We Answer Some Frequently Asked Questions About Estate Planning
Most reputable estate planning firms in California can provide a comprehensive estate plan for $3500-$5500 depending on your needs. Our firm offers different levels of planning depending on your needs. Our plans range from $1500 to $12000 depending on the services we are providing. Most families find themselves in the $4000 range.
I have an estate plan already and need to make changes. Can your firm help me even if you did not prepare the plan?
We typically do not make amendments to plans prepared by other attorneys because of liability concerns. However, we can amend and restate your trust in its entirety, so you can keep the name of your trust, but update all the content to become current with recent changes in law, and to reflect your current wishes. We can also provide you a full review of your current estate plan, so you are aware of what changes should be considered.
Will my California estate plan still work if I move out of state?
Many of our clients lived or owned property here, and subsequently have moved out of state. Because technology makes it easy to stay connected, we can usually continue to assist clients even when they move away. You can also hold any U.S. based assets in your California revocable living trust, often eliminating the need to start over when you move away.
Can I change my plan in the future?
Yes, if you have mental capacity, you can make changes to your estate plan during your lifetime, also provided your plan is revocable.
Where should I store my estate planning documents?
We recommend you store your estate planning documents in a secure location that can be easily accessed during an emergency. For this reason, it’s important for you to tell your key decision makers under your estate plan where you keep your documents, how to conveniently access your plan, and how to get in touch with your attorney. We do not recommend you provide copies to your key decision makers in case you change your plan down the road. We also encourage clients to file their Medical Directives with their primary physician and local hospital.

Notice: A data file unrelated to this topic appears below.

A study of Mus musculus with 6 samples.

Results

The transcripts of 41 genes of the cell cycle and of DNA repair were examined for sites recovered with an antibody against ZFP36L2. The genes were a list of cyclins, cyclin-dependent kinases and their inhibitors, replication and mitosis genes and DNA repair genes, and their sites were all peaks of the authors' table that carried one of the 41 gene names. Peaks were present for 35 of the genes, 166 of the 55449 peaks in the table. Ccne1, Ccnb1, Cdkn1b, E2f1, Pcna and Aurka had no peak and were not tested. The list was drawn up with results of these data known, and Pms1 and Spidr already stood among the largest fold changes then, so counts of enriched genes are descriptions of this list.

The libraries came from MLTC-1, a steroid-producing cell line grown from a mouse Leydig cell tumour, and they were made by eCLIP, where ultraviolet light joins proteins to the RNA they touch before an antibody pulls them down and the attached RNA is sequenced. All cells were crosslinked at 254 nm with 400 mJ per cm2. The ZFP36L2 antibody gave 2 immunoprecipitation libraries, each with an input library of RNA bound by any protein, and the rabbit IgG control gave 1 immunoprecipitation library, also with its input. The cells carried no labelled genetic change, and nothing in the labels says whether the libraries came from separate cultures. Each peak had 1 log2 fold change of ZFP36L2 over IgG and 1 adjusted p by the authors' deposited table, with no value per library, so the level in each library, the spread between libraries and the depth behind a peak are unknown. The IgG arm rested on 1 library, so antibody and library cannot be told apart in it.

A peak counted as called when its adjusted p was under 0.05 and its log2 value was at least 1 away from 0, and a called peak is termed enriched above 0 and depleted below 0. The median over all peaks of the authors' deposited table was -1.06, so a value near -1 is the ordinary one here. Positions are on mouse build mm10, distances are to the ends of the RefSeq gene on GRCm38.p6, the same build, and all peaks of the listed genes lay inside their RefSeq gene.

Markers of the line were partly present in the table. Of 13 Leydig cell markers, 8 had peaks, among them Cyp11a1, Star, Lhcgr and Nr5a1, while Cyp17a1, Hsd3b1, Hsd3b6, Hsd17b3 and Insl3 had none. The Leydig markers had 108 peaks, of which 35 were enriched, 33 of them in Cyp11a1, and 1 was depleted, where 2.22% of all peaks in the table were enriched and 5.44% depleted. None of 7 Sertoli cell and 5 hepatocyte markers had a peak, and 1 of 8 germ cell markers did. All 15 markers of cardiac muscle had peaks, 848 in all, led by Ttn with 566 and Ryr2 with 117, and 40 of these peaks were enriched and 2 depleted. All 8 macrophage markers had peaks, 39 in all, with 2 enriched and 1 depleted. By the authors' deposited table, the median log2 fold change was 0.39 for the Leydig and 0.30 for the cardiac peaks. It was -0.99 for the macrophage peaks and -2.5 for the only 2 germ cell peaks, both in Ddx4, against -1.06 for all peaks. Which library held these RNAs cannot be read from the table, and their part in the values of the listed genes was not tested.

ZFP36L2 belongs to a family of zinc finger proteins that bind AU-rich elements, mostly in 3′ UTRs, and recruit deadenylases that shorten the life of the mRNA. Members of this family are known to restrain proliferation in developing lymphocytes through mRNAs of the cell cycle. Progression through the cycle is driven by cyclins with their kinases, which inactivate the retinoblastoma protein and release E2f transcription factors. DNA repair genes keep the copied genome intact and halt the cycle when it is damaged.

Does the Trustee have to be a U.S. Citizen?
Yes. There are serious federal tax implications from choosing a foreign Trustee.
What are the duties of a Trustee?
The Trustee must ensure that the Trust is administered in a timely fashion and according to the rules. For a complete list of Trustee duties, click here.
I don’t have a trusted family member or friend to serve as my Agent, Executor, or Trustee. What are my options?
Some people choose to nominate a Professional Fiduciary or a Bank or Corporate Trustee to manage their finances if they become incapacitated or pass away. We can help connect you with these professionals once we have a better understanding of your family’s individual needs.
What is the difference between a Durable Power of Attorney Agent, an Executor, and a Trustee?
Your Agent is the person you designate in your Durable Power of Attorney to make financial decisions for you if you are incapacitated. An Executor is the person you designate in your Will to handle any financial or guardianship issues that would be subject to the probate court process. Your Trustee is the person you designate in your revocable living trust to wrap up your affairs upon your death and manage the financial distributions to your designated beneficiaries. Typically, you choose the same person to serve as your agent, Executor, and Trustee.
What happens if I become incapacitated while I am pregnant?
Your medical powers of attorney should address what should happen to you, or your unborn child, if you become permanently incapacitated while pregnant. Many women choose to include an override provision in their Living Will that would allow their designated health care agent to decide whether to keep the incapacitated mother on artificial life support until the child is born, if physicians determine the child will survive and lead a healthy and meaningful life. You should talk with your attorney about what your wishes are, and make sure they are appropriately documented and honored.